A version of this story appeared on The Inspired Investor on March 22, 2023.
Understanding the differences between registered investment plans can help you decide how they can help you meet your goals.
With the launch of the First Home Savings Account (FHSA), there’s now one more registered investment plan to consider when determining how to meet your savings and retirement goals.
While Tax-Free Savings Accounts (TFSAs), Registered Retirement Savings Plans (RRSPs) and FHSAs all offer tax benefits, knowing some key differences may help you choose which plan(s) fits your goals.
Below, you’ll find answers to some of the top questions about the features and tax treatments of each plan, plus contribution and withdrawal considerations.
|What is it?||A registered plan where your investment earnings and withdrawals are tax-free||A registered plan where your contributions are tax-deductible (up to your personal deduction limit) and investment earnings are tax-deferred||A new registered plan designed to help first-time homebuyers. Your contributions are tax-deductible, and investment earnings and withdrawals are tax-free if used to purchase your first home.|
|Who can open one?||Canadian residents with a Social Insurance Number (SIN) who are at least 18 or 19 (or the age of majority in your province)||Canadian residents with a Social Insurance Number (SIN) who are under age 71, have earned income and file a tax return in Canada||Canadian residents with a Social Insurance Number (SIN) who are at least age 18 (and no less than the age of majority in your province) and under age 71, and you and/or your spouse or common-law partner have not owned a home where you lived in the current calendar year or at any time in the preceding four calendar years|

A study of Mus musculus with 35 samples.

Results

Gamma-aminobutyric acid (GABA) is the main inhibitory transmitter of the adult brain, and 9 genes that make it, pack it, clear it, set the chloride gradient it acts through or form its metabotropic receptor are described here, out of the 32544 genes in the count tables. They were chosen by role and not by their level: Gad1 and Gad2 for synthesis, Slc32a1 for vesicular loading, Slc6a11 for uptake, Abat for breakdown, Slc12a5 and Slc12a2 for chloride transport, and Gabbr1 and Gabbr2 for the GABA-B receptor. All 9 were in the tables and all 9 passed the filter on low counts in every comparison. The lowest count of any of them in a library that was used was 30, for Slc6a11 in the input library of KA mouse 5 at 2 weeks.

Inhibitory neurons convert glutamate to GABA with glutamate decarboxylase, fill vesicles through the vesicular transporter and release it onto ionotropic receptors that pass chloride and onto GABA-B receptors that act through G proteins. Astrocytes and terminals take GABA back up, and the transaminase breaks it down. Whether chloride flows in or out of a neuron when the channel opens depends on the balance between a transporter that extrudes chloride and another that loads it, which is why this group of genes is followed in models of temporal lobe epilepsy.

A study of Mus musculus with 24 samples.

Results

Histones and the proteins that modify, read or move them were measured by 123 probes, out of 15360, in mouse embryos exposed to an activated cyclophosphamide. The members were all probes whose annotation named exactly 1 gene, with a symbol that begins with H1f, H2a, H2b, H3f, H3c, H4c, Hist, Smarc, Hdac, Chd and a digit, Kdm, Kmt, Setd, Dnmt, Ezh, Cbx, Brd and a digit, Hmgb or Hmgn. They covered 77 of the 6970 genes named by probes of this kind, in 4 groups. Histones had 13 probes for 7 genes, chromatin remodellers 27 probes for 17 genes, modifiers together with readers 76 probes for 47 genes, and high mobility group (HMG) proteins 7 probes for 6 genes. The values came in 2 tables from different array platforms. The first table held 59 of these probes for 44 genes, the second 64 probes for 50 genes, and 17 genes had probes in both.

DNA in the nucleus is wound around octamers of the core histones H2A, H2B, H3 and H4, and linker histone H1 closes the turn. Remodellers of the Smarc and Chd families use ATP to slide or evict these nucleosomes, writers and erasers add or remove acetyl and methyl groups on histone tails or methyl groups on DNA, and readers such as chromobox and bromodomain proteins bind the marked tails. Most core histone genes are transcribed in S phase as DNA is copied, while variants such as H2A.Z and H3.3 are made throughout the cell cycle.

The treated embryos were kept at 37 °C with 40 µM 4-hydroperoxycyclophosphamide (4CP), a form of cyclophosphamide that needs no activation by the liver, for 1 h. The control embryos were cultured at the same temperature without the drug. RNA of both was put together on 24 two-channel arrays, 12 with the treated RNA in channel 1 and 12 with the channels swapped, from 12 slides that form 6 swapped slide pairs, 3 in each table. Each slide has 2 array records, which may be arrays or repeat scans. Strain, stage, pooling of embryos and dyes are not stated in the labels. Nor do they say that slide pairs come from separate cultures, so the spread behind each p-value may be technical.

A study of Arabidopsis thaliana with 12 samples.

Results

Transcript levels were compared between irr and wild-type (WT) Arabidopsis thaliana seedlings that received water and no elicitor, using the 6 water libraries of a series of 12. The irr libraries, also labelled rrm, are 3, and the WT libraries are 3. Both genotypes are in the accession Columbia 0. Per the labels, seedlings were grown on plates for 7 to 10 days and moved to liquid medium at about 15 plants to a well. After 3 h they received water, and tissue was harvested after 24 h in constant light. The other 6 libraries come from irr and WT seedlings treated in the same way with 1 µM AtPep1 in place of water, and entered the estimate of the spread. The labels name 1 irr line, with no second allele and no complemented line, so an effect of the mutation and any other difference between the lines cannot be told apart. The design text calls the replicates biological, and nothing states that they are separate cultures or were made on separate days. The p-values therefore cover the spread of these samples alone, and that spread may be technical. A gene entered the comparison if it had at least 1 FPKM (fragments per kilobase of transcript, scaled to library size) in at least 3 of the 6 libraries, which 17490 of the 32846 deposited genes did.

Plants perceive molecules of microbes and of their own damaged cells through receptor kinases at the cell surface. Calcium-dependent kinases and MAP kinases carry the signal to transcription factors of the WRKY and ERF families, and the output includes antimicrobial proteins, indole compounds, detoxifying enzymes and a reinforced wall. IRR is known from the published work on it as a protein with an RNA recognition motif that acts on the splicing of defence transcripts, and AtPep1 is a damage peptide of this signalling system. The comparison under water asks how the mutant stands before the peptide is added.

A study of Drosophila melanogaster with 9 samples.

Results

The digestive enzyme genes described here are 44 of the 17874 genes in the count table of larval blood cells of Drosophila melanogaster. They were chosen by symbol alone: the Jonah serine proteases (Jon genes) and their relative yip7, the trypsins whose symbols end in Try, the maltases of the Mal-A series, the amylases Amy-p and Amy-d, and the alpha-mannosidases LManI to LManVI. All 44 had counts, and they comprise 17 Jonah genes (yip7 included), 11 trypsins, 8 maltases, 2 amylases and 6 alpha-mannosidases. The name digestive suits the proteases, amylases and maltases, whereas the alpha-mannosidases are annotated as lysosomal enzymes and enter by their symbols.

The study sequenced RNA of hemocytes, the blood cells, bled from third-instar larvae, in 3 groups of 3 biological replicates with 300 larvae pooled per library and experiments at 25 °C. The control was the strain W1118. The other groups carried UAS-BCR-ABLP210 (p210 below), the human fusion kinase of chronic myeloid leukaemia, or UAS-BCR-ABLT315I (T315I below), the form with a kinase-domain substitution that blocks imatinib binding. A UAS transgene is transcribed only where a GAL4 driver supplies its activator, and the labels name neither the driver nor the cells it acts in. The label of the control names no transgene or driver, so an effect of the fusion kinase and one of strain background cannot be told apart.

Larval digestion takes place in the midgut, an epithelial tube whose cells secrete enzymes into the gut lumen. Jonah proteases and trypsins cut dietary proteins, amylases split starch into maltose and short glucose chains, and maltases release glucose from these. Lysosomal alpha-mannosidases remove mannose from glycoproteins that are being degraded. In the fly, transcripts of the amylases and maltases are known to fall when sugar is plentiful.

|Are contributions tax-deductible?||No||Yes (up to your personal deduction limit)||Yes (up to the annual and lifetime limits)|
|Do my savings grow tax-free or tax-deferred?||Tax-free||Tax-deferred — you’re charged taxes when you withdraw funds Withdrawals are added to taxable income the year you take the money out; a withholding tax will also apply to early withdrawals||Tax-free as long as you use funds for a qualifying first home|
|How much can I contribute each year?||$6,500 for 2023, plus your unused contribution room and any amounts you’ve withdrawn from previous years||18% of the previous year’s earned income, less any pension adjustment, up to a maximum annual limit ($30,780 for 2023)||$8,000 annually, plus up to $8,000 of your unused contribution room, up to a maximum lifetime limit of $40,000|
Visit Compare TFSA vs RRSP vs FHSA for more answers, including information on the types of investments that can be held in each account.